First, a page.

Laura Lynch, a founding member of The Dixie Chicks, who played the upright bass in the band from 1990-93, has died. She was 65.

    The musician was killed in a car crash near El Paso, Texas, Friday evening, her cousin, Michael Lynch, told CBS News.

    Per a Texas Department of Safety report obtained by HuffPost, a car was trying to pass another vehicle on a two-way undivided portion of a highway and crashed head-on into Lynch’s car. According to the report, the artist was pronounced dead at the scene, and the other driver was transported to the hospital with non-life-threatening injuries.

    The Music news has reached out to the Texas DPS and police department.

    Lynch founded The Dixie Chicks, who now go by The Chicks, in 1989, alongside fellow members Robin Lynn Macy, Martie Erwin and Emily Erwin. She began as an upright bassist with the band and eventually took over as the lead vocalist when Macy left in 1992.

    Together, the bassist and her fellow bandmembers recorded three albums — Thank Heavens for Dale Evans, Little Ol’ Cowgirl and Shouldn’t a Told You That — before she left the country music group in 1993 and was replaced by Natalie Maines two years later.

    The reason for Lynch’s departure has varied over the years. At the time, the remaining members shared that she had been contemplating leaving for quite some time as she had gotten tired of touring and wanted to spend more time at home with her family.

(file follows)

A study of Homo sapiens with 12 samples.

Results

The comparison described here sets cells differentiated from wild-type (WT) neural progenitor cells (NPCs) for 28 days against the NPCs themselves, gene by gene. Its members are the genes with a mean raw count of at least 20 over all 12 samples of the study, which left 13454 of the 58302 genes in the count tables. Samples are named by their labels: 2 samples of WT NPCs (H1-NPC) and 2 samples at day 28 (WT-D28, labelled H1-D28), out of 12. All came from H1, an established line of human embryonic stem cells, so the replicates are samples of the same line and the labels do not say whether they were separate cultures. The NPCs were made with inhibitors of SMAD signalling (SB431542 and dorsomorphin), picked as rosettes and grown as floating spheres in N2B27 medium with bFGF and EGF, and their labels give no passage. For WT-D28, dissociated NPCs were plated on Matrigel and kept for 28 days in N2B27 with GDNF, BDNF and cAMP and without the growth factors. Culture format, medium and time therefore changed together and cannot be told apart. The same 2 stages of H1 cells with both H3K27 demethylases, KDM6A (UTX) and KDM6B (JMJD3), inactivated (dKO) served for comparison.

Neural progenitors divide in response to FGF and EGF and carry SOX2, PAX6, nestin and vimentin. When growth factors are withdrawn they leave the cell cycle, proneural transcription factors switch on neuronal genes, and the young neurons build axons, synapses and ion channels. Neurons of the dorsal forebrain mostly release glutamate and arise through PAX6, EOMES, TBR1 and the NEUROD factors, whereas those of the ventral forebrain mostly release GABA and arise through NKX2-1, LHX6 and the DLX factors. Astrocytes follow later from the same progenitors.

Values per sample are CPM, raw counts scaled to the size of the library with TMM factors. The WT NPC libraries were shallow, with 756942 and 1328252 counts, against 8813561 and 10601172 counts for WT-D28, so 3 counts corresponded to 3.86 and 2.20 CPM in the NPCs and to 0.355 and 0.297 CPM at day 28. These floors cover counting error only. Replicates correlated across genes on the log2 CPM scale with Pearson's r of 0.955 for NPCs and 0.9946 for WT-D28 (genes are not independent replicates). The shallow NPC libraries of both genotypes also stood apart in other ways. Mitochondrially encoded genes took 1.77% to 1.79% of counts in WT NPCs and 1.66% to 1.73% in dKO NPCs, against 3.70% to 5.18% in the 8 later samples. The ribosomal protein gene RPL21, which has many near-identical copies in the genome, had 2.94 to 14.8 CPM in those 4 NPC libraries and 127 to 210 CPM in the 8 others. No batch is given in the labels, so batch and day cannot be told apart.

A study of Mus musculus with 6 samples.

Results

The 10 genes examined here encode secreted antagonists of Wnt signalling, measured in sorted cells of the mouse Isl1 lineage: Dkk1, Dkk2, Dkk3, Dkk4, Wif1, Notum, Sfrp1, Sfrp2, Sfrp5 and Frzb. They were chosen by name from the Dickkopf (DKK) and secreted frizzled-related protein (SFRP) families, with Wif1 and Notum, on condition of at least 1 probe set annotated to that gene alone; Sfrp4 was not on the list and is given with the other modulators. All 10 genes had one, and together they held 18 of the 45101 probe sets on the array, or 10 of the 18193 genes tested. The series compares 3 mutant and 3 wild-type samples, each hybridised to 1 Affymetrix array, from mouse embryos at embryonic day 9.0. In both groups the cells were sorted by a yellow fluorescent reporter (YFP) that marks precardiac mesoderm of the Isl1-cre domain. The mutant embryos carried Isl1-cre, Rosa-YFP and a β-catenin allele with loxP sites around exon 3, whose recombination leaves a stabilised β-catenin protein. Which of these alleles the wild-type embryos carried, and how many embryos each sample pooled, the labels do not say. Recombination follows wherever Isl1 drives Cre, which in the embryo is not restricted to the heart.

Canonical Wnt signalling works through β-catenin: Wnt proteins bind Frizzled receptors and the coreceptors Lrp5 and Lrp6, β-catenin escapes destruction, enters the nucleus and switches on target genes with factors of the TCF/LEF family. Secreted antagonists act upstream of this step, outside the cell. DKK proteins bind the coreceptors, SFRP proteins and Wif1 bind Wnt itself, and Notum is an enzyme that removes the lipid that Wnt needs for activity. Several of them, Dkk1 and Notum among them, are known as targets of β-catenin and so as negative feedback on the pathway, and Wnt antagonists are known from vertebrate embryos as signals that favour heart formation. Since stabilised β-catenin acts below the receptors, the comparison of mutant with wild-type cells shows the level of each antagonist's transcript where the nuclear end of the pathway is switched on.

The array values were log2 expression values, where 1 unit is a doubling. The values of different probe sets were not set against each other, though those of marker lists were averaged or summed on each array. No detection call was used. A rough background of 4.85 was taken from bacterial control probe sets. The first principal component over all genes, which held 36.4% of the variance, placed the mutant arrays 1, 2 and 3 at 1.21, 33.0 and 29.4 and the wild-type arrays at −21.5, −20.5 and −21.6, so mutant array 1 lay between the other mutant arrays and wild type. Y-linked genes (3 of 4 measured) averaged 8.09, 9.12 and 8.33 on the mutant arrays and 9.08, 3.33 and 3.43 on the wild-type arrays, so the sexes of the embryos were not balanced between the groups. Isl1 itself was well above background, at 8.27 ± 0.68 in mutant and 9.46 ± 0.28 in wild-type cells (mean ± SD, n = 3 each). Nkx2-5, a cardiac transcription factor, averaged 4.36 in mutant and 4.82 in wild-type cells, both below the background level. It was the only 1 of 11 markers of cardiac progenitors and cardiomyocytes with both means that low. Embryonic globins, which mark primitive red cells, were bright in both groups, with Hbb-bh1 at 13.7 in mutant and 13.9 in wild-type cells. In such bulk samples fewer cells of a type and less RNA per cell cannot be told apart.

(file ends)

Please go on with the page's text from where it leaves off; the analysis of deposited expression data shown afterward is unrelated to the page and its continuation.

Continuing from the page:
In a 2003 interview with Texas’ Plainview Herald, Lynch wouldn’t discuss why she left because she told the publication that she and the group agreed not to talk about it publicly. However, she did note that she was replaced, and that always hurts, later adding that she had no regrets about missing out on the band’s fame.

    The Chicks shared a video of Lynch performing on their official Instagram account following the news of her death, saying they were “shocked and saddened” to hear about it.

    “We hold a special place in our hearts for the time we spent playing music, laughing and traveling together,” they wrote in the caption of a video of Lynch performing. “Laura was a bright light…her infectious energy and humor gave a spark to the early days of our band. Laura had a gift for design, a love of all things Texas and was instrumental in the early success of the band. Her undeniable talents helped propel us beyond busking on street corners to stages all across Texas and the mid-West.”

    They concluded their post noting, “Our thoughts are with her family and loved ones at this sad time.”

    Lynch is survived by her husband, Mac Tull, and their daughter, Asia.